It doesn’t take rocket science to understand when you eat fewer calories than you burn, you’ll lose weight. This phenomenon is known as creating a calorie deficit. As you can see, every popular (and unpopular) diet actually works due to this key component: eat less + burn more = lose weight.
I covered the basic facts of calories last month, but since I spent yesterday talking about my nutritional goal to hit a calorie deficit in order to lose weight throughout the next few months, I thought it might be helpful to learn what exactly that means.
Calories are the units of energy our bodies use to function. Simple concept, right? So our bodies require calorie intake to provide fuel for that energy, and our bodies also burn calories throughout the day. This total number of calories burnt each day is called the total daily energy expenditure, or TDEE. TDEE can include:
Calories burned during exercise
Calories burned through basic bodily functions
Calories burned during digestion
Consider that your body is always burning calories, even while sleeping, in order to maintain your breathing, heart beating, and blood circulation. Meaning your body requires quite a few calories simply to perform its basic functions. This is called your resting metabolic rate (RMR).
Everyone’s RMR is unique to their body weight, height, age, gender, climate, and genetics. There are a lot of calculators out there (I like this one) which can give you your approximate RMR, or you can find out a more concise RMR through medical lab work.
When you eat more calories than your body needs, those extra calories are stored in the body for later use — and usually that storage is in the form of fat. In order to get rid of that extra fat and lose weight, a calorie deficit must be created. If you eat less calories than your body needs to perform, then it has to get that energy from storage instead. Bibbity bobbity, you just figured out how to create a calorie deficit!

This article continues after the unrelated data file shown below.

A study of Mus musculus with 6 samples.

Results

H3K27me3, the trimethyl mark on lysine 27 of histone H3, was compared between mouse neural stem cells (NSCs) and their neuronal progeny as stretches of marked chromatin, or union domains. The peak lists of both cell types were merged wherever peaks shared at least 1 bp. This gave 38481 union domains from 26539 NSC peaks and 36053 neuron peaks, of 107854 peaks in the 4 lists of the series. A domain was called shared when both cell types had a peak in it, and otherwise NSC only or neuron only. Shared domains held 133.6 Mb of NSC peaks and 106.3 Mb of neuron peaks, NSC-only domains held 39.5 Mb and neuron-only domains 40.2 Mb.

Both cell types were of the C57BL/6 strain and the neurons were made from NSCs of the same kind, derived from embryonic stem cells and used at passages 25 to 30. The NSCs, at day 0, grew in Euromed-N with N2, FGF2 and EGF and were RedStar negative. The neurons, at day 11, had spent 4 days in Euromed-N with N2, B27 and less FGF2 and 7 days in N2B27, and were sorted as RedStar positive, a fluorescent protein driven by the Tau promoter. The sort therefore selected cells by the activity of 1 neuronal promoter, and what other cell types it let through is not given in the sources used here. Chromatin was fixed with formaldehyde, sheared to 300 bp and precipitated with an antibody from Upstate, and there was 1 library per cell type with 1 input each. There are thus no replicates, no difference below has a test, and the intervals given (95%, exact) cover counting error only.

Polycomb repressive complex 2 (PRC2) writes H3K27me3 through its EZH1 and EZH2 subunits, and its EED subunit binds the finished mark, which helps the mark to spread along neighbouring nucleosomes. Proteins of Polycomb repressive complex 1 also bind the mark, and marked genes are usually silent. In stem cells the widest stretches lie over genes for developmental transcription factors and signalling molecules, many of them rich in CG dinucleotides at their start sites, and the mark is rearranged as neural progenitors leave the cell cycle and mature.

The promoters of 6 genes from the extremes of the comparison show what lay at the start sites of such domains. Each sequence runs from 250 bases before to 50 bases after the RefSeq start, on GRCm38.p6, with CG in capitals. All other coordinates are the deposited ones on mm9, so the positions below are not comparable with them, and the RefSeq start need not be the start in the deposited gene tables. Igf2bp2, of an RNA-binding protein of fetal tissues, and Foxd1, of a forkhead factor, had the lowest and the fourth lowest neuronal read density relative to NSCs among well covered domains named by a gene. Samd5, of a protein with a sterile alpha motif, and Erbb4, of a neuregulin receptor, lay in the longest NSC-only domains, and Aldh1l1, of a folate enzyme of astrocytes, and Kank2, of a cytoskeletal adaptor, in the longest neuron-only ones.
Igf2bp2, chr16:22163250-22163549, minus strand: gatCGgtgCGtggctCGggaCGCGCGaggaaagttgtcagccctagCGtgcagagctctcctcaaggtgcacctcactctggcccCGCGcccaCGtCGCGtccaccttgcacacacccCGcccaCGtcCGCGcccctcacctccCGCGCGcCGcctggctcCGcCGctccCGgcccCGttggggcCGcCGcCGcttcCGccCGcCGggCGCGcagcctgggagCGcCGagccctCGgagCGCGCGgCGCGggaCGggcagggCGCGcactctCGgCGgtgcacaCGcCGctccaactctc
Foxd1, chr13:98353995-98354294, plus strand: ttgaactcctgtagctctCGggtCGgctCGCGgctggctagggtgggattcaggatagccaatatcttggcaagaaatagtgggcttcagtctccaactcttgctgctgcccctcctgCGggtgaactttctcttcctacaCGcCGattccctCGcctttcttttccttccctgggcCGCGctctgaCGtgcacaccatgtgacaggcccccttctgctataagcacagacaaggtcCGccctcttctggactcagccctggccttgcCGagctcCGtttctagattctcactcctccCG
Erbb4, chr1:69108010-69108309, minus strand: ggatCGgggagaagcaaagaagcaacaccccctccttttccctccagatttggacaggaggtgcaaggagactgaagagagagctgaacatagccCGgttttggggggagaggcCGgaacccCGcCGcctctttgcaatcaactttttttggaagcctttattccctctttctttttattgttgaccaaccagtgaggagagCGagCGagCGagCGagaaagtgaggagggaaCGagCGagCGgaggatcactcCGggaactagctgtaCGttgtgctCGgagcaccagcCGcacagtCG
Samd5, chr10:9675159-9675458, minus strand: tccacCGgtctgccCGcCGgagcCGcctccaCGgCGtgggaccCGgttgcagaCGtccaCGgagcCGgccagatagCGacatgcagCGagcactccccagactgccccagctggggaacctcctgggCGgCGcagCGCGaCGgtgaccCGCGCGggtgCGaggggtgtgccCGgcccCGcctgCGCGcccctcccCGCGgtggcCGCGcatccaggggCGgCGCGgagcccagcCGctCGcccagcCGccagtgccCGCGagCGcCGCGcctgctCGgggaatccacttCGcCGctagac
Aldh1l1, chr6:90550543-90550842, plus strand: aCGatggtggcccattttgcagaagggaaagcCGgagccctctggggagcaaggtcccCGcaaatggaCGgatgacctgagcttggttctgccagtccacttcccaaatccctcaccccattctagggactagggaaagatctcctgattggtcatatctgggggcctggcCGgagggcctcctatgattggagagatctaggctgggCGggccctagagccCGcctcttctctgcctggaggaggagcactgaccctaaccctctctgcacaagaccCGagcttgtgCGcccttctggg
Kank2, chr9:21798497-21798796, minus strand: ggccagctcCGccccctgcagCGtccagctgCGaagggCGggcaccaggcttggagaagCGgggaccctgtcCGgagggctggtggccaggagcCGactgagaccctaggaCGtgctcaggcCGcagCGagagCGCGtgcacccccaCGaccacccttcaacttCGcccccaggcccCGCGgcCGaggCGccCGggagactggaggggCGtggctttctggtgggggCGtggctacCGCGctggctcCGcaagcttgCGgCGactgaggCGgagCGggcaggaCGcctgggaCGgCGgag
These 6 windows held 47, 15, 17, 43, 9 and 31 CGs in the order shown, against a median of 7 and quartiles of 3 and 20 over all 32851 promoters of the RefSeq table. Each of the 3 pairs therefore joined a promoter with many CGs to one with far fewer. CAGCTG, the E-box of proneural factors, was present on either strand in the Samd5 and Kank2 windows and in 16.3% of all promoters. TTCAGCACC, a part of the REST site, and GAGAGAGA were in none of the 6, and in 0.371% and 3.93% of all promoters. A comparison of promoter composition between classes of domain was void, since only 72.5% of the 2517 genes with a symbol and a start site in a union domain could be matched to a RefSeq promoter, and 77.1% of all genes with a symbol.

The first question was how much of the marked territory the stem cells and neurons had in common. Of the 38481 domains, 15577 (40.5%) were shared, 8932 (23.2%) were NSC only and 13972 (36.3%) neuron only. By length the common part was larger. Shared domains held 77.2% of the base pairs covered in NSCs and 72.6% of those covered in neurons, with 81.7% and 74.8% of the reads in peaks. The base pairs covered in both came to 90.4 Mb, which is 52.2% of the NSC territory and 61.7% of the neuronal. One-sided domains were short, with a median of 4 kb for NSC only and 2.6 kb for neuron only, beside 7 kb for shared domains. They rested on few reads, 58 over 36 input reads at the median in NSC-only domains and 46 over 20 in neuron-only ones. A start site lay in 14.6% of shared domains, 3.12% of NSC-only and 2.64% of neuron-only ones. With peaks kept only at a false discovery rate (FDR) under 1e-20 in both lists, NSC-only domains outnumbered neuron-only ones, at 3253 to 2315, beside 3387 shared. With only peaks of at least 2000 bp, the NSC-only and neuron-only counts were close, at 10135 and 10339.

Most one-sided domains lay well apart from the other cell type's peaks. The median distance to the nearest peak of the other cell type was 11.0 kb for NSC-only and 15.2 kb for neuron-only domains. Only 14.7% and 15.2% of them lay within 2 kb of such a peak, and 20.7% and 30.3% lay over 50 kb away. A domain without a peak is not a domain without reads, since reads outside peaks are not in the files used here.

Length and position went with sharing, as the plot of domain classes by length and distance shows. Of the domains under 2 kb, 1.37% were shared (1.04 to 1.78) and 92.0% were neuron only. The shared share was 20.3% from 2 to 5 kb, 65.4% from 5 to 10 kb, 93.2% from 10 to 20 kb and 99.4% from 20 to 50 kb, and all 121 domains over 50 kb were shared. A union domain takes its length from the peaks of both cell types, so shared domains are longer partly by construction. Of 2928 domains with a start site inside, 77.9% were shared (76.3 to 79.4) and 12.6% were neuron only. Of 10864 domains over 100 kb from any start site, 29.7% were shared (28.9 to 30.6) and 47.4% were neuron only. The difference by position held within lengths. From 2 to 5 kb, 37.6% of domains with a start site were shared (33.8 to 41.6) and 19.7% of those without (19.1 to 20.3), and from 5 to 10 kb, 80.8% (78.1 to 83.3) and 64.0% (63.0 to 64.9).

The common practice for calorie deficits and weight loss is reaching a deficit of 3,500 calories per week to lose 1 pound of fat. That seems like a lot, but when broken down, the average is 500 calories a day within one week. This is way more manageable!
Refer back to my opening image of popular diets. I’ve been there, friends, and I know… the testimonies will make you want to starve and/or deprive yourself in order to lose weight and become more fit. But guess what? Every single diet has the same end goal: a calorie deficit. This is the only tried and true, scientifically proven method to lose body fat — and it won’t cost you a single cent more than your usual grocery budget (actually, buying less food will ultimately save you a bit, right? Woot!)
Instead of jumping on the bandwagon for another fad diet, try one of the following ways to create a calorie deficit for your weight loss journey:
Consume less. Watch your portions, limit your snacks, and reduce your caloric intake each day with a goal of eating less than 500 calories than your RMR.
Move more. Not willing or unable to eat less? That is 100% okay as long as you start moving more. Burn those 3,500 calories weekly by exercising or simply moving more at work and in your day-to-day activities.
Do them both! Unsurprisingly, eating less and moving more is going to get you to that calorie deficit fastest. Eat 250 fewer calories and burn 250 calories by walking every day, and you’ll be at your 500 calories.
Caution is needed if you’re eating too few calories and continuing to burn a bunch as well. I’m not going to go into this gray area, but highly recommend you reading Fit Folk’s post on this topic here. I want to lose weight, but I want to do it in the healthiest way possible — and I hope that is your wish for yourself too.
In the end, my main message is this: you don’t need a sparkly, overly-marketed diet plan to slim down. All you need is to create a calorie deficit in order to effectively lose weight. You don’t have to be a calorie tracker to do this, simply eat smaller meals and start moving more.